3 Wheel Bicycle Pros & Cons

Woman on bike with sunflowers
A woman is riding a three wheeled bicycle. (Image: cindygoff/iStock/Getty Images)

Three-wheeled bicycles, more commonly referred to as trikes, come in a range of designs. Some resemble traditional two-wheeled bikes with frame modifications to accommodate a wider axle and additional rear wheel. Others are recumbents, supporting the rider in a chair-type seat, with a frame that is low to the ground. Three-wheeled bikes are known for their stability and ease of riding. However, they also have some drawbacks.

Stability

Three-wheeled bicycles are extremely stable. While riding, there is no need to maintain a minimum forward motion to balance the bike, as it rides on a tripod of three wheels that will not tip over easily. If the rider of a trike chooses to stop, he simply stops pedaling and applies the brakes. The trike will come to a rest without the need to balance the bike when at a standstill.

Climbing

When it comes to climbing hills, three-wheeled bikes, especially those with multiple gears, are more capable than traditional two-wheelers. On a two-wheeled bike, the rider must maintain a certain amount of forward motion to keep the bike upright. The three-wheeled bike rider, however, need not worry about balancing, so the rider can simply place the bike in a very low gear and pedal away at a comfortable pace to climb the hill without fear of falling over.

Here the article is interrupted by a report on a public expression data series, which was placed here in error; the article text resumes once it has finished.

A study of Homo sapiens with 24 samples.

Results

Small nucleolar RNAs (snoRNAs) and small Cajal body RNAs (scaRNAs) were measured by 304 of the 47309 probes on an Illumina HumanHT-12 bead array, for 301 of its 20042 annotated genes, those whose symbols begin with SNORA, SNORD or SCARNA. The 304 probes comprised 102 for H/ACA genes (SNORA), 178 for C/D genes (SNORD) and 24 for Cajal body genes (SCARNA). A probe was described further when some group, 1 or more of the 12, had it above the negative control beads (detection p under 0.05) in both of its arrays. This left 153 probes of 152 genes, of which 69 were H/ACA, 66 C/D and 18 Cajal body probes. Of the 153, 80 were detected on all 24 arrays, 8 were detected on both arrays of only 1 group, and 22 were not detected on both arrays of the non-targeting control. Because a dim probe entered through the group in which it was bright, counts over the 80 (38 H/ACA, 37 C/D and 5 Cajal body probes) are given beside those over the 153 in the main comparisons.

Cargo

The wide wheel base of upright three-wheeled bikes make them very capable of carrying even heavy amounts of cargo. Even recumbent trikes can be fitted with substantial cargo packs, fitted on racks behind the rider. The trikes also continue to demonstrate good stability, despite the added weight.

Height

Some trikes, particularly recumbent trikes, ride very low to the ground. This can present visibility problems, particularly when riding in traffic or in busy parking lots. Drivers in cars may have a more difficult time seeing recumbent trike riders on the road. To help avoid a potential accident, many recumbent riders use a tall fiberglass rod with a flag at the top attached to their trike to make them more visible.

Size

Many three-wheeled bicycles also have a broader wheel base, making them wider and more likely to stick out in traffic when riding in bike lanes on roads or on side walks. This can make the trike inconvenient or even dangerous to ride in certain situations, such as in heavy traffic. The narrow body of a standard bicycle also makes it easier to store, compared to the wider body of the trike.

Handling

The wider stance of three-wheelded bicycles can make them more difficult to handle. This is particularly true with turning. While traditional two-wheelers are very narrow and have a relatively small turning radius, trikes tend to require more space to turn. Recumbent trikes are more difficult to handle at slower speeds, but typically handle faster speeds well.